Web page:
EHRs Ring a Bell about SOAP Notes

EHRsThe shift to electronic health records (EHR) has brought about some resistance and fuss from physicians and practices, but at the core of this innovation are the goals of data security, and simplicity but effectiveness of patient information entry and its retrieval. The need for this, though, was felt decades ago.

EHRs following the HIPAA best practices rule by encryption, and efficient tracking can be extremely secure. Their straightforwardness and comprehensiveness in describing the patient’s condition are the other major benefits. Its goals seem to have had a lot of influence from SOAP (Subjective, Objective, Assessment and Plan) notes.

More about SOAP Documentation

SOAP notes were conceived out of a need for greater convenience and simplicity. It was introduced in the 1970s by Dr. Lawrence Weed at a time when medical documentation did not have a standardized process. Back then, Dr. Weed called it Problem Oriented Medical Record (POMR).

SOAP notes provided a definite structure for physicians and helped practices communicate better. This is still the basic concept behind the transformation of the industry. Doctors who began using SOAP notes could retrieve patient records faster; and this is one area EHRs excel in.

Quite like the way EHR software has helped providers find patient charts in an easier manner, SOAP notes did allow providers to communicate clearly and in a concise format. And since their they have played their part in improving health outcomes for many patients.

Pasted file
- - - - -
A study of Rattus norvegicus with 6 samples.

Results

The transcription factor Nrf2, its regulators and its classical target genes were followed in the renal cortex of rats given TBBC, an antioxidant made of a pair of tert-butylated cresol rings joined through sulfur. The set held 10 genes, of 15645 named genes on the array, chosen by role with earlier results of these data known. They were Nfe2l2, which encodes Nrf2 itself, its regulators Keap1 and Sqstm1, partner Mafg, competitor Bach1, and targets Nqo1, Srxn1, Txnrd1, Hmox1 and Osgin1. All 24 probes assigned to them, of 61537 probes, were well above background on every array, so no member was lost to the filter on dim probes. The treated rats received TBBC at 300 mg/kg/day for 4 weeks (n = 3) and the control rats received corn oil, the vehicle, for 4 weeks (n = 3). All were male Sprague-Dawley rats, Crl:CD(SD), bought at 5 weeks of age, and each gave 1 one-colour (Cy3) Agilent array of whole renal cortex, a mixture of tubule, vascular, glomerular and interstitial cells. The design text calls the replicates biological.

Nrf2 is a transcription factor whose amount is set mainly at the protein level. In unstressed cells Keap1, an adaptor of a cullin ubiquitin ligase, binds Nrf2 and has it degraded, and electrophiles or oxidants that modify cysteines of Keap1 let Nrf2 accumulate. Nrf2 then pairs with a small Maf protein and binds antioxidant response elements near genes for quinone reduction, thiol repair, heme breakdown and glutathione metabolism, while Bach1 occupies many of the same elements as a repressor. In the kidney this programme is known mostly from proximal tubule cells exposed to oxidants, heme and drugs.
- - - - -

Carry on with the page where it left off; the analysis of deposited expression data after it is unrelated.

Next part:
The SOAP Procedure

SOAP notes are, as the expansion of the abbreviation suggests, broken down into subjective, objective, assessment, and plan sections. These components are to be followed in their order:

  • The physician first fills out the subjective element t basically deals with the information the patient directly gives. It could include symptoms felt by the patient, the medications he is under if any, the allergies he has to any drug, his surgical and medical history, etc.
  • This would be followed by the objective component which would include vital signs, physical examination findings, previous diagnostic and laboratory tests, any abnormalities noted, etc.
  • Then comes the assessment stage where the doctor conducts his diagnosis of the condition of the patient based on the aforementioned objective data and medical history.
  • The final plan stage covers the actual treatment of the patient’s concerns including procedures carried out, radiological work conducted, lab orders referrals and medications and advice given. Scheduling for follow-ups or further reviews is also included.

Simple and quick but efficient documentation of patient encounters, which modern electronic health records hope to achieve, could be said to have its origin in what Dr. Weed created. A quick glance reveals just how simple the SOAP notes are.